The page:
Where do women in tech find themselves today?


8 March marks International Women’s Day, and this week CIO South Africa saw it fitting to host the third instalment of the CIO Women’s Circle, where phenomenal women IT leaders gathered at Aurum Restaurant on the 7th floor of Africa’s tallest building, the Leonardo in Sandton.

What was on the menu? How women have fared thus far in assuming leadership positions in the highly competitive and male-dominated corporate world, especially in the IT industry.

One attendee referred to a report on women in business, highlighting that in medium-sized enterprises, women sit at 42 percent in terms of holding leadership positions or sitting on boards. “Let’s lift each other as we rise,” they said. “It looks like we will only reach partiality in 2053: not women in ICT in particular, but women in corporate overall.”

The goal as far as skills are concerned for one IT leader is focusing on talented coders, talented black women to be more specific. “That’s a skill set that we want to grow in our girls,” they added.

Guests also discussed the barriers that women encountered. They pointed at the lack of diversity, equity, inclusion and belonging (DEIB) in the workplace. “Now that ESG is the new focus in recent times, DEIB has ended up taking a back seat,” one IT leader noted. “There needs to be a deliberate move to make positive strides in DEIB.”

When at the helm

Attendees also shared advice in regard to others in leadership positions: understand business language, don’t be afraid to ask questions, exude confidence, be intentional about breaking the culture of fear that’s brewing underneath the surface.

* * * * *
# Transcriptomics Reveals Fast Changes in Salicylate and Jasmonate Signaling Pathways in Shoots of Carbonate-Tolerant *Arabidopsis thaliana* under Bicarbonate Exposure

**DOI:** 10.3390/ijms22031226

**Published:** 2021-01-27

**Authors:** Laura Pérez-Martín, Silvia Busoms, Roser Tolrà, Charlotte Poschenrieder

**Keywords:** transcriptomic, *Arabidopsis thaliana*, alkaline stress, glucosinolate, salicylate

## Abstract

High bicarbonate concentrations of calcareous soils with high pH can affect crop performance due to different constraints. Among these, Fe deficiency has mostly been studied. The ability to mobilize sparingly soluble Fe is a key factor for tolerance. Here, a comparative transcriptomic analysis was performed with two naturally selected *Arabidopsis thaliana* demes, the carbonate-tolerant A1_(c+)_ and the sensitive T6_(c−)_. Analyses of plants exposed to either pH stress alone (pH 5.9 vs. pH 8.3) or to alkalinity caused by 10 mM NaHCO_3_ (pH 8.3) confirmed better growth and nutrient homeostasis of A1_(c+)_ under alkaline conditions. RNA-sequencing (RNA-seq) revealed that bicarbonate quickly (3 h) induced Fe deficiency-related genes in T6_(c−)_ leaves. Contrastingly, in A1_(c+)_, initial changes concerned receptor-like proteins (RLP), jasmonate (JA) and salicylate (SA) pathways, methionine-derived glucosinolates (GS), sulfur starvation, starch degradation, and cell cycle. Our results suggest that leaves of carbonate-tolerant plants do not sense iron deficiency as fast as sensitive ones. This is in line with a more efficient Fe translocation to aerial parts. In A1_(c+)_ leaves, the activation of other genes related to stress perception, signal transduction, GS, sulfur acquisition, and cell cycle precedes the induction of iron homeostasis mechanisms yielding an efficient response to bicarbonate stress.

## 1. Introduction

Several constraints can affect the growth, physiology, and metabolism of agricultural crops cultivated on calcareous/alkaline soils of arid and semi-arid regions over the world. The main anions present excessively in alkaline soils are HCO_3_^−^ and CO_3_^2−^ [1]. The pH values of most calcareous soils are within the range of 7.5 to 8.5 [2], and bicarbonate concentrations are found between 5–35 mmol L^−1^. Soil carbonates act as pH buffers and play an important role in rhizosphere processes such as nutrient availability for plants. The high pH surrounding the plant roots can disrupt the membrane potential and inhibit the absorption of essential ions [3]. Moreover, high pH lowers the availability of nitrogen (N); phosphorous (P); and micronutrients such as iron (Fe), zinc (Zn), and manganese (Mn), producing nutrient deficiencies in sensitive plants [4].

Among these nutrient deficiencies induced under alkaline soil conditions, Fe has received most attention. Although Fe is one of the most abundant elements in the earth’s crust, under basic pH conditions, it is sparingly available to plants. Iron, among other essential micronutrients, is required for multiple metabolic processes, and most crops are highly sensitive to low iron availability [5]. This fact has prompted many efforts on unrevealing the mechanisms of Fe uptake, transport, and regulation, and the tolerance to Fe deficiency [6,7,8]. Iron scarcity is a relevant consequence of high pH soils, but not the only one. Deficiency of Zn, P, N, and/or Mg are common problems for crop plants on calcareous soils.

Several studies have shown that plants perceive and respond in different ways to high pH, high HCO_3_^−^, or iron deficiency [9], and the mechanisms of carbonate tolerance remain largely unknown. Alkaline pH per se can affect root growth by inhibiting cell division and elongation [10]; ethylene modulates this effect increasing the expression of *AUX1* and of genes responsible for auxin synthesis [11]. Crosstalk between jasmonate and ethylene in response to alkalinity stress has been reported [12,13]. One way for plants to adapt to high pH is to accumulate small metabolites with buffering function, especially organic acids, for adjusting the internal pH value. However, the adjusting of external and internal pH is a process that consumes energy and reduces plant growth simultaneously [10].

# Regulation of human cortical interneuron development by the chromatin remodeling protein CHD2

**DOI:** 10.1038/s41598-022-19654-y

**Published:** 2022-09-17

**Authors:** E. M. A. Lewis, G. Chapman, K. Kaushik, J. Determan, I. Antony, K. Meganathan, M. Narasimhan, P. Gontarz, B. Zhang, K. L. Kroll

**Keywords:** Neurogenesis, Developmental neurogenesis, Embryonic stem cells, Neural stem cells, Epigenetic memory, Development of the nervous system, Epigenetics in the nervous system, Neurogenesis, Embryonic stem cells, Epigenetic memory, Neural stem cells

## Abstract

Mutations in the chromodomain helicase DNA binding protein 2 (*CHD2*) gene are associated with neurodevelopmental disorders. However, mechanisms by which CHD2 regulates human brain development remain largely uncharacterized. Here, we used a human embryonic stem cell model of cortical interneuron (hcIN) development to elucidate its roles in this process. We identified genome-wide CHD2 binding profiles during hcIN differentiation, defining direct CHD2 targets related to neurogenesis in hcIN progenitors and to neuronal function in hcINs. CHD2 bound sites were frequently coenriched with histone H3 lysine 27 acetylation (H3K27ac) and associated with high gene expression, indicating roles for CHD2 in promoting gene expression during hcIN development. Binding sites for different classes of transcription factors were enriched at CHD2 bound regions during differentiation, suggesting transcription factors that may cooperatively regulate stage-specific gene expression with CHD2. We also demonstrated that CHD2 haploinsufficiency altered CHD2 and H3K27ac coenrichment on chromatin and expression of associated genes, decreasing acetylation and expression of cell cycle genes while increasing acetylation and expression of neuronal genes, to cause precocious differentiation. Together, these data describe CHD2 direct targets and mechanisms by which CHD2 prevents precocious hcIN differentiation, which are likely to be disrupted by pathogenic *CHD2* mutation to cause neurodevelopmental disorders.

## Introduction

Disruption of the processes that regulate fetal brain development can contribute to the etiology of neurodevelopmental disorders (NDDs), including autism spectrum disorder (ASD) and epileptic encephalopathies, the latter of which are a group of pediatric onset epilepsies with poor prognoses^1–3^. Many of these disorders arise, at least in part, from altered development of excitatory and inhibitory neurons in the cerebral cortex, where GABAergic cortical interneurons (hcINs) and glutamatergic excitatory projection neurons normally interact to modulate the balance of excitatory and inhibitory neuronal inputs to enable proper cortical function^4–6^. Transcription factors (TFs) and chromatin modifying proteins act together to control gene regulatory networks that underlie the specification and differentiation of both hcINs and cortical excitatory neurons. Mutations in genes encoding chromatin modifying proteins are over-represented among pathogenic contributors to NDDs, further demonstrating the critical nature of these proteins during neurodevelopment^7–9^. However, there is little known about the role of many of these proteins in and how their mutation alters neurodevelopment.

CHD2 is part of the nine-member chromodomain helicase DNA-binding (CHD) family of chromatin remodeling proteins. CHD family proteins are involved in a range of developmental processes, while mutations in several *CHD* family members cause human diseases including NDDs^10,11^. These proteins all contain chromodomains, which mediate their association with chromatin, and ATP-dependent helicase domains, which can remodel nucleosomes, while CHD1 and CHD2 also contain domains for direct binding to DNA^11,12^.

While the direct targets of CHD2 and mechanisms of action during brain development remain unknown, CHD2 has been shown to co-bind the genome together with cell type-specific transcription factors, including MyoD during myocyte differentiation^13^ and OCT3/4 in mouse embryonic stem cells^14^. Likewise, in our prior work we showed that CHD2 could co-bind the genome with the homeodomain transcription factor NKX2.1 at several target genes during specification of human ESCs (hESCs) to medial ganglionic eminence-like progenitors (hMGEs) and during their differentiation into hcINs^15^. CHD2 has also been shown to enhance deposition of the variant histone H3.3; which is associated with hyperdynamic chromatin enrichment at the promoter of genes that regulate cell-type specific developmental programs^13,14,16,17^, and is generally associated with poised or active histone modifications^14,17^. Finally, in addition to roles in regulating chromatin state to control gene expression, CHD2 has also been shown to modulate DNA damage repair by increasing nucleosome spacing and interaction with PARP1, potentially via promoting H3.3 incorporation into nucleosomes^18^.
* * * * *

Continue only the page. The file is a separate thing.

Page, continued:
However, on the opposite side of the table, one guest suggested that building an army of men around you who support and believe in you as a woman is also a good strategy.

What about getting the actual job? “Let’s focus on meritocracy – appointment on merit: quotas should be a benchmark and not a standard, and being aware of tokenism and window dressing,” one CIO said.

“Don’t attempt to fit the mould: you are a woman, so act like one, don’t morph yourself into a man, and don’t lose your authentic self. Draw boundaries from the onset.”

Guests also encouraged breaking boundaries and exploring uncharted territories, but admitted that’s easier said than done, and “not having a reference point as pioneers can easily create self doubt,” they added.



A purpose behind the wheel

They offered solutions to how women IT leaders can bring their whole selves to the table. “If you are purpose-driven, that will inform how you perform at work,” one leader said. “Purpose means knowing who you are and showing up as your authentic and holistic self.

“Not asking for permission to bring yourself as you are: creating belonging and not just for yourself but for others too. I repeat, boundaries are key, especially in corporate,” they added.

According to another guest, people often lack a full appreciation of how important representation in the workplace is.

Lead, lead, and lead some more – that was the overarching message of the evening. “Lead in purpose, lead the GenXs: embrace the popcorn generation, and be intentional about creating a pipeline of capable women.” However, uplifting other women, the women all agreed, can only start with focusing on self and being kind to ourselves, and showing up for yourself.

The attendees agreed that the CIO Women’s Circle sessions are crucial, especially now – they foster courage among women, and as the movement brings them together, it also helps women to stay true and united to journey through the tough times.